Crime, like anywhere else in the world, can be a problem, but you really need not do

much more than take all the usual sensible precautions.

Know where you're going before you set off, particularly at night, watch your possessions, don't walk alone in dodgy areas, lock your doors at night…..much like anywhere else.

And, like anywhere else in the world, there are some areas of major cities which are more dodgy than others. It is easy to avoid these and still have a good time.

When walking through areas that are considered risky, avoid wearing visible jewellery or carrying large amounts of money, cameras and bags over your shoulder. Keep cell phones and wallets tucked away where no one can see them. Check beforehand that the areas you plan to visit are safe by asking hotel staff or police. It is not advisable to use local commuter and metro trains as attacks on foreigners have occurred.

Other sensible advice is not to hitchhike or accept or carry items for strangers. Our airport security is quite strict so, to avoid delays in checking in, remove all sharp objects (even nail files and hairclips) from your hand luggage.

As elsewhere, thieves operate at international airports, bus and railway stations.  Keep your baggage with you at all times.  Due to theft of luggage at OR Tambo International Airport in Johannesburg, it is recommended that where possible, and where local regulations permit, hold luggage is vacuum wrapped.

Passport theft is common.  It is usually opportunist and non-violent (and increasingly occurs at airports on arrival or departure), although some passports are taken during muggings.  You should carry photocopies of your passport with you. Should you lose your passport, report the loss as soon as possible to your country's embassy or consulate, and to the local police.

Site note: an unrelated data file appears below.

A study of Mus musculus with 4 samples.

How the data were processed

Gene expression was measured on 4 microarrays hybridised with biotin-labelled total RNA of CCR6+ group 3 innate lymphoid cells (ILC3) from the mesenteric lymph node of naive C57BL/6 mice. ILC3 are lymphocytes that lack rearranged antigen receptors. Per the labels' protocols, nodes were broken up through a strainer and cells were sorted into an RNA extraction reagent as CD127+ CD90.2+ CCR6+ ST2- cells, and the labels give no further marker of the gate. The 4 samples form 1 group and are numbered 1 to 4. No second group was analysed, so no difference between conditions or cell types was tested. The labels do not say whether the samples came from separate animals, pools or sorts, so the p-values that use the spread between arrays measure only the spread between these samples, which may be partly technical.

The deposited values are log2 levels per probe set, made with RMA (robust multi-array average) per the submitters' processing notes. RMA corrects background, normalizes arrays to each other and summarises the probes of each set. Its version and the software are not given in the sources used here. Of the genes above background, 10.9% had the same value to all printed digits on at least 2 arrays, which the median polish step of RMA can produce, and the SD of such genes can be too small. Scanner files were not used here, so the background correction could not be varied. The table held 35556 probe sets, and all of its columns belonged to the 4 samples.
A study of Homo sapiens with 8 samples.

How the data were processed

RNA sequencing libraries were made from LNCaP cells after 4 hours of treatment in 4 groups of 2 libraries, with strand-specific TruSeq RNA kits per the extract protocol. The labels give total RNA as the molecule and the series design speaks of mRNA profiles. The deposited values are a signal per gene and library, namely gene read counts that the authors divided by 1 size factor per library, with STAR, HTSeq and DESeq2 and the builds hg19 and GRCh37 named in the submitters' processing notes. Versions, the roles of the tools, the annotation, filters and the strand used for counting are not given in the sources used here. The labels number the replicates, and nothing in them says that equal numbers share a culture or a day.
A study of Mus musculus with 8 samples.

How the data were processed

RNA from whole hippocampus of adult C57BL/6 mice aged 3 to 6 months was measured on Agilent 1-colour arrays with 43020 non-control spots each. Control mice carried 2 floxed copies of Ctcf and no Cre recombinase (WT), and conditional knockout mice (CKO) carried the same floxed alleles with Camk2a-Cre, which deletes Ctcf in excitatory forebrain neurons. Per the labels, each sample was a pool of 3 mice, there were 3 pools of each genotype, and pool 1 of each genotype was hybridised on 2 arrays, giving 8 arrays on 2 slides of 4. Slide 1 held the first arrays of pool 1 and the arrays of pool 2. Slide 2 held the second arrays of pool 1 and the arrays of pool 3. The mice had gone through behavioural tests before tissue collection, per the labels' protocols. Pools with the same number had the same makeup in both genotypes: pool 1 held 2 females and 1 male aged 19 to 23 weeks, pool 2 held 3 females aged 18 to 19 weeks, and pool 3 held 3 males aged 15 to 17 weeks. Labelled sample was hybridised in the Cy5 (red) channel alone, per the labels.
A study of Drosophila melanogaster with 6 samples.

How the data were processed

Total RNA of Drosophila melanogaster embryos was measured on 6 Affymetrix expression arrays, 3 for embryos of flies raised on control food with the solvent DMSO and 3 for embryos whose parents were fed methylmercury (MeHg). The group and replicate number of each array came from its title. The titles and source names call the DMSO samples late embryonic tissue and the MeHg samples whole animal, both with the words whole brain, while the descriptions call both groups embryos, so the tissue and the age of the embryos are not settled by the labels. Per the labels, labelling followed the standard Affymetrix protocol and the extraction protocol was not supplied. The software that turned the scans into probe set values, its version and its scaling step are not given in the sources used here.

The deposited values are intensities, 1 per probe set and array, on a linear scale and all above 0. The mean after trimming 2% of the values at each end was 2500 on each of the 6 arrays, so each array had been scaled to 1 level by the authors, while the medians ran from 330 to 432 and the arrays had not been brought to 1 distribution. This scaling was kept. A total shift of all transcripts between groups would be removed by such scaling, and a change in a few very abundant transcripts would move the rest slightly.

Be vigilant and avoid isolated beaches and picnic spots across South Africa.  Walking alone anywhere, especially in remote areas, is not advised and hikers should stick to popular trails.

· Carjackings

Those who choose to drive private cars, either borrowed or hired, should be aware that car hijackings do occur, although precautions can be taken to avoid this.

Drivers should always be on the alert when they come to a halt at traffic lights or stop streets, as well as when they are arriving at or leaving premises. Doors should be locked at all times, and while the temptation is to keep windows open in sunny weather, they should be kept closed. Plan your travel route beforehand. Make sure that you do not leave valuables in clear view of people on the side of the road.

Articles such as cellular phones and handbags left on seats are favoured targets of smash'n'grab thieves.

When parking at night choose well-lit or security-patrolled parking areas. Street security guards will usually ask whether they can watch over your car and in return should be paid a small fee – anything from two rand upwards.

Do not pick up strangers.  Do not stop to assist (apparently) distressed motorists, as this is a technique sometimes used by hijackers.  It is better to report the incident to the police.

· ATM’s & Con Artists

Watch out for con artists. A favoured target is the automated teller machine (ATM).

Under no circumstances allow a stranger to assist you in your transactions. Should your card become stuck in the ATM, enter your PIN three times whereupon the machine will retain your card. You can then approach the bank to release it, or call the helpline number that can usually be found at ATMs for assistance.

Beware, too, of confidence tricksters who try and persuade you to invest in their schemes, requiring you to disclose confidential banking details.

· Stay out of jail!

And, while on the subject of crime, do bear in mind that committing a criminal offence in any foreign country is always more of a problem than doing so at home.

You're probably not planning to, but there are a few actions which could land you in one of our not-too-luxurious jails. These include smuggling, bilking, and trading in, or using, recreational drugs – with the exception of tobacco and alcohol.

Poaching is probably far from your mind but, just in case you're tempted to "harvest" a rhino horn as a souvenir, remember our game scouts are armed.